Who's Your Mentor?
Edition: February 2002 - Vol 10 Number 02
It seems that just about everybody has someone they've really looked up to in their careers for guidance and knowledge. Among the recently inducted Hall of Fame members, for example, Ron Stephenson had his John McGuire, Bob Barnes had his Billy Williamson, and Karl Bays had his Foster McGaw. These are the people who taught us something that we take with us for the rest of our careers and, sometimes, our lives.
With that in mind, we asked readers of Dail-E News to tell us about their mentors. Some of the names that came up: Dick Moss, Bill Willis, Bob Ulan, Don Kitzmiller, Urban Mitchell, Stan Tangalakis, Don Dugar, John Paterson, Hank Kanies, David Webb, Neil Sorrentino, Dave Coulter, Bill Starnes, Walt Fisher, Peter Holbrook, George Economides, Mel Shaffer, Ron Schwartz, Richard E. Daley Jr., John Moran and Dick Holmes. Here's what readers of Dail-E News had to say about some of them.
I was a sales rep early in my career, and Dick [Moss] told me that people were perceiving me as an executive sales rep. I asked him what he meant and he said the customer service group and even my customers thought I was not spending enough time with them and their issues. I was livid and even called an independent rep buddy of mine and asked him to get me an interview with the competition. After doing about two hours of windshield time, I thought about what Dick had said and I decided that perceptions must be reality. I immediately decided that I needed to change. I was going to listen more and spend quality time with everyone. I worked and won the Sales Rep of the Year that year and another, and was on track to win a third time the year I was promoted to vice president.
I go to Bob [Ulan] from time to time for insights, for product advice and for a historical perspective on our business. He will share his knowledge freely, listens to reason, adapts to change reasonably well, and has never forgotten how to be a nice guy and a great, caring person. Plus, I watched him save a life one day by jumping into a swimming pool and rescuing a child who was having difficulty in the water.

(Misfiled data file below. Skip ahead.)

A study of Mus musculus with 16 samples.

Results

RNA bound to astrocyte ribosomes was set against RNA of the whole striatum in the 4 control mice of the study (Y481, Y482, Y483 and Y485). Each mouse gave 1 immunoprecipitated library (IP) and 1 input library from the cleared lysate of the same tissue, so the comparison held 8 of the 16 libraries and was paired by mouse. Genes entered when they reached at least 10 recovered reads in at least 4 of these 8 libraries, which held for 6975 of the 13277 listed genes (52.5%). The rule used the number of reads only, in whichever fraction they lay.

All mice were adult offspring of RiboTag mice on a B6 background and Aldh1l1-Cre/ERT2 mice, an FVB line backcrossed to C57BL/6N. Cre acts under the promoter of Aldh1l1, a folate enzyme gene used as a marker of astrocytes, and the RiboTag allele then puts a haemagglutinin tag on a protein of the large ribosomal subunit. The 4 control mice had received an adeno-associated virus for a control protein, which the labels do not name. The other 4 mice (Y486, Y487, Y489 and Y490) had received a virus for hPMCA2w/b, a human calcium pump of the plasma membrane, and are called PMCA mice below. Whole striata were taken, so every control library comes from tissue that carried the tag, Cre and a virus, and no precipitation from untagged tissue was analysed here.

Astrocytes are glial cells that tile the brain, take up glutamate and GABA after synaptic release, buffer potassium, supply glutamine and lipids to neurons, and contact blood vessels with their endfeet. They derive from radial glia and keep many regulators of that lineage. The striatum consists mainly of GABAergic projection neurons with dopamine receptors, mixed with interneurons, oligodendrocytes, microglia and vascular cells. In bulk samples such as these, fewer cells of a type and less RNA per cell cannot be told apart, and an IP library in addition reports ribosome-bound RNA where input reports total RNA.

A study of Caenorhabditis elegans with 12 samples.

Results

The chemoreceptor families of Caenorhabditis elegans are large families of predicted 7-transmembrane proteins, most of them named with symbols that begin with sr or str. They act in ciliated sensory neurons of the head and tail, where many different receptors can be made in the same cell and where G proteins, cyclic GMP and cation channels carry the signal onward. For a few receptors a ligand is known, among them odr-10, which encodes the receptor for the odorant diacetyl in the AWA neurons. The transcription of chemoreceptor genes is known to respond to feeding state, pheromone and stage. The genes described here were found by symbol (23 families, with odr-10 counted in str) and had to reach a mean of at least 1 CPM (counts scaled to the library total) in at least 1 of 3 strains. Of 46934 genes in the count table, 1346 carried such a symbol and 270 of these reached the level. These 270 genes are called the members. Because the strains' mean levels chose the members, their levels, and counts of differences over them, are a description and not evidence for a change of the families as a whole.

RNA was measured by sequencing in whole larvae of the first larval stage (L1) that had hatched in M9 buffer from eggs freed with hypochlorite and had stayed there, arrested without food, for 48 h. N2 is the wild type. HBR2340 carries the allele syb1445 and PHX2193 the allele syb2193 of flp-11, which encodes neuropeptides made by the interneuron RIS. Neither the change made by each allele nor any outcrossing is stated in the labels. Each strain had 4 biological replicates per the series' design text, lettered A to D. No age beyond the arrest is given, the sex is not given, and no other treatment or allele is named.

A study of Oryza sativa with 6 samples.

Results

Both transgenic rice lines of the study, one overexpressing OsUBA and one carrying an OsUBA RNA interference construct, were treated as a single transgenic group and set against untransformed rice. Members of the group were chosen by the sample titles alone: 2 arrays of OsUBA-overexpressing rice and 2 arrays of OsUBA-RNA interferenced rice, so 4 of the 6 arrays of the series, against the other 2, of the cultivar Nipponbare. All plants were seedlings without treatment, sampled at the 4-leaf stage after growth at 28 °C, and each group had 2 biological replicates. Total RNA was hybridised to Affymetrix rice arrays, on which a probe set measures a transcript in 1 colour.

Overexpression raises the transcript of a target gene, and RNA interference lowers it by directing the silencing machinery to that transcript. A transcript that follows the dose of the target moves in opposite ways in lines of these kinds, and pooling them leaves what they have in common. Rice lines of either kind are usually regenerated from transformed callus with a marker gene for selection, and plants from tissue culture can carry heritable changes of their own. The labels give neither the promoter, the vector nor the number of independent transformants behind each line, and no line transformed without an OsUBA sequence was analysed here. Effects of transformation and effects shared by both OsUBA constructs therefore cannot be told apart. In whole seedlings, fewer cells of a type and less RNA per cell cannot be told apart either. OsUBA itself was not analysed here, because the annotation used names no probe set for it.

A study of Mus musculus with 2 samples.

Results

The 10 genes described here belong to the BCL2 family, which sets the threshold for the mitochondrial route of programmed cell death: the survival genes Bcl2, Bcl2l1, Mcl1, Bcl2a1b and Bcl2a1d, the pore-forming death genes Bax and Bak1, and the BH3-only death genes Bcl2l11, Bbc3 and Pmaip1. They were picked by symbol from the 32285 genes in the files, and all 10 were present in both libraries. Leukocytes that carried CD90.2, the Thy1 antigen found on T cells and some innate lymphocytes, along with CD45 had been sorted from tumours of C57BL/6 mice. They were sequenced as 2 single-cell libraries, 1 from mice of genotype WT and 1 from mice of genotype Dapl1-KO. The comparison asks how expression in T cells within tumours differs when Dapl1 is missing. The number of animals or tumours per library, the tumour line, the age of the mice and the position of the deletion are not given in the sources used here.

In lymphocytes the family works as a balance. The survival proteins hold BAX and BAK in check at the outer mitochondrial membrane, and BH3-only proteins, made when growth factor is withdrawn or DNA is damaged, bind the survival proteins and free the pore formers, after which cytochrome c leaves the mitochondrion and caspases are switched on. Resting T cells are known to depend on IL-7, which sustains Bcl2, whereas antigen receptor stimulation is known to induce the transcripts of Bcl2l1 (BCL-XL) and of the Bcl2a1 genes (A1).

My mentor and initial contact with the medical industry [was] Urban Mitchell
.He expressed a respect for life and an ability to excel in all of us. He motivated others and they in turn committed to do the best for him, his family and his team!
Dad taught me a lot. He taught me how to lead by his example. e.g., there will always be business for us if we treat clients the way that we want to be treated, and follow up immediately. He also taught me to get to know everyone in the office. It not only will help you get through the door, but five or 10 years from now, that dizzy 18-year-old receptionist may be the office manager, and the person whom she's friendliest with stands a good chance of maintaining the business, or at least getting a shot at it. And last, but certainly not least, have fun in your job! If you can't have fun, then get out of the business and into something else.
You can't be around Don Kitzmiller and not learn something new.
What You Learned
When we asked readers to tell us what they had learned from their mentor, here's some of what they had to say:
To always treat people with respect, and hard work will always speak louder than words.
The value of knowing the market better than your partners and competition.
Honest and ethical business practices are the only way to go. Also, hard work and determination is the fastest way to success.
Followthrough, followup, honesty, work hard.
Determine the important items; 2) focus on the important items, 3) pay attention to the details, but don't let the details blur the big picture, and 4) celebrate the success with the team.
The fundamentals of how to be a courageous, passionate, approachable, caring, motivating and successful leader who never compromises their core values and standards.
Give the customer what they want and then after the sale, a little more.
A positive attitude and atmosphere of teamwork.
Always be honest with your customers and never leave other customers or employees out of the information loop. Some information is always better than no information at all.
To take chances, embrace change and always look for newer and innovative methods.
Stay true to your convictions.
How to decide what is important and what is not.
To remain positive in the face of adversity, and to recognize the things I cannot change and find ways to work around them.
The importance of being totally honest and respected. The importance of integrity, and that credibility is one quality that will, above all, distinguish you from the rest.
Writing plainly and simply, one reader said it all about mentors: He is not around any more, but I still think about what he taught me.